A team of engineering students at Harvard is teaming with a startup called Savormetrics to develop a device that can tell us when avocados will be ripe. It’s one step on the way to solving the costly problem of food waste. Plus: a project in Belgium called #ArtGenetics is learning about the evolution of fruits and vegetables through classic paintings.
Forestalling food waste (Harvard)
This episode is so full of avocados, hipsters will want to spread it on toast.
Whatever it is you like to eat, know that the cost of that food is higher than it normally would be, because of the problem of food waste.
Some estimates find that as much as 40 percent of food in the U.S. is thrown out, uneaten, a large amount of it produce that’s gone bad sitting on display in the grocery store.
A team of engineering students at Harvard has been working on a partial solution, by teaming with a startup called Savormetrics, which focuses on analyzing food to better understand its shelf life.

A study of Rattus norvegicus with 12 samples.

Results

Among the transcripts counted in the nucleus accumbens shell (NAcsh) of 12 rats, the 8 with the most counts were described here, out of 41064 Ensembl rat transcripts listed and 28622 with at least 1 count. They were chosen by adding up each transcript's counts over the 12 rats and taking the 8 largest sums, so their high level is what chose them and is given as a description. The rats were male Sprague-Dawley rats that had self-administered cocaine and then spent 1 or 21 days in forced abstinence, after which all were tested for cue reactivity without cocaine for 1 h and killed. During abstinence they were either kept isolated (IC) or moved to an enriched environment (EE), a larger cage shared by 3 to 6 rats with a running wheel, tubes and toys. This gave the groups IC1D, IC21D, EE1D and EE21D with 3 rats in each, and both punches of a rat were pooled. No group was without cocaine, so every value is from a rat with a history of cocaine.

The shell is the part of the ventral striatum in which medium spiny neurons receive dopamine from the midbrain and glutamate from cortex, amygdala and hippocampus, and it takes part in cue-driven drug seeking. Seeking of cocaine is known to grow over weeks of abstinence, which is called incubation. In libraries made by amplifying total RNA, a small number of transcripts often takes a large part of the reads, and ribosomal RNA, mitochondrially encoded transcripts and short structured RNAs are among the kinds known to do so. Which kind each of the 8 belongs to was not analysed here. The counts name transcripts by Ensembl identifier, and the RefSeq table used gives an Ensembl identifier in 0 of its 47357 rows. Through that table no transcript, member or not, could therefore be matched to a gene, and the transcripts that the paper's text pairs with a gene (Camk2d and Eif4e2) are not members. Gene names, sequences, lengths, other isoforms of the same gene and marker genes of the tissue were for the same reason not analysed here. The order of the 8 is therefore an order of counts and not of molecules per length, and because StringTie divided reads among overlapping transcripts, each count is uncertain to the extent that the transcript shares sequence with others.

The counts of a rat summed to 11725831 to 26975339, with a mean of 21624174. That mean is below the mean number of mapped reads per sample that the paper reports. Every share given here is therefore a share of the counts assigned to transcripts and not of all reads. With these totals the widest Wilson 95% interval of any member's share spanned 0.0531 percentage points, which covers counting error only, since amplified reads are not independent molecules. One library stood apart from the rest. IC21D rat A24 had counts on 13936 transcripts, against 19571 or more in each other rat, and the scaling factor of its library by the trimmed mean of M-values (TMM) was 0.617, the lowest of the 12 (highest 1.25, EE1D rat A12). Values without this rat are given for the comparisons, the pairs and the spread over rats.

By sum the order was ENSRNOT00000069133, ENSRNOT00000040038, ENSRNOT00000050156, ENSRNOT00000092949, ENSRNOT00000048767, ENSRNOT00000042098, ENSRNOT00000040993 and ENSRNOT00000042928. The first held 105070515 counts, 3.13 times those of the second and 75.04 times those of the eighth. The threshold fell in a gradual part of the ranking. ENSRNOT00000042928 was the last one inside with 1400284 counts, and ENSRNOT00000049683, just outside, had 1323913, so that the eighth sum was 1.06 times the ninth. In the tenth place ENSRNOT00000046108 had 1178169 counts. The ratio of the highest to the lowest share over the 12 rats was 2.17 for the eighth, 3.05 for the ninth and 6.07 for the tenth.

That way, grocery stores could put the items closer to ripening where they can be sold quickly, and there would be less waste all around.
Their device uses sensors to detect chemical properties of avocados.
The prototype could accurately predict the day each avocado would be ripe 60 percent of the time, and it could tell within two days an additional 30 percent of the time!
The startup is planning to turn the prototype into an actual sensor to manufacture and sell, which could be a big help if you’re one of the people who’s ever sorted through the avocados at the store looking for one that’s just right.
Meanwhile in Belgium, a new project called #ArtGenetics is studying paintings from centuries ago that include depictions of fruit and vegetables, and using them to track how those foods have evolved.
Those still-life paintings from the old days are actually a giant historical database of food!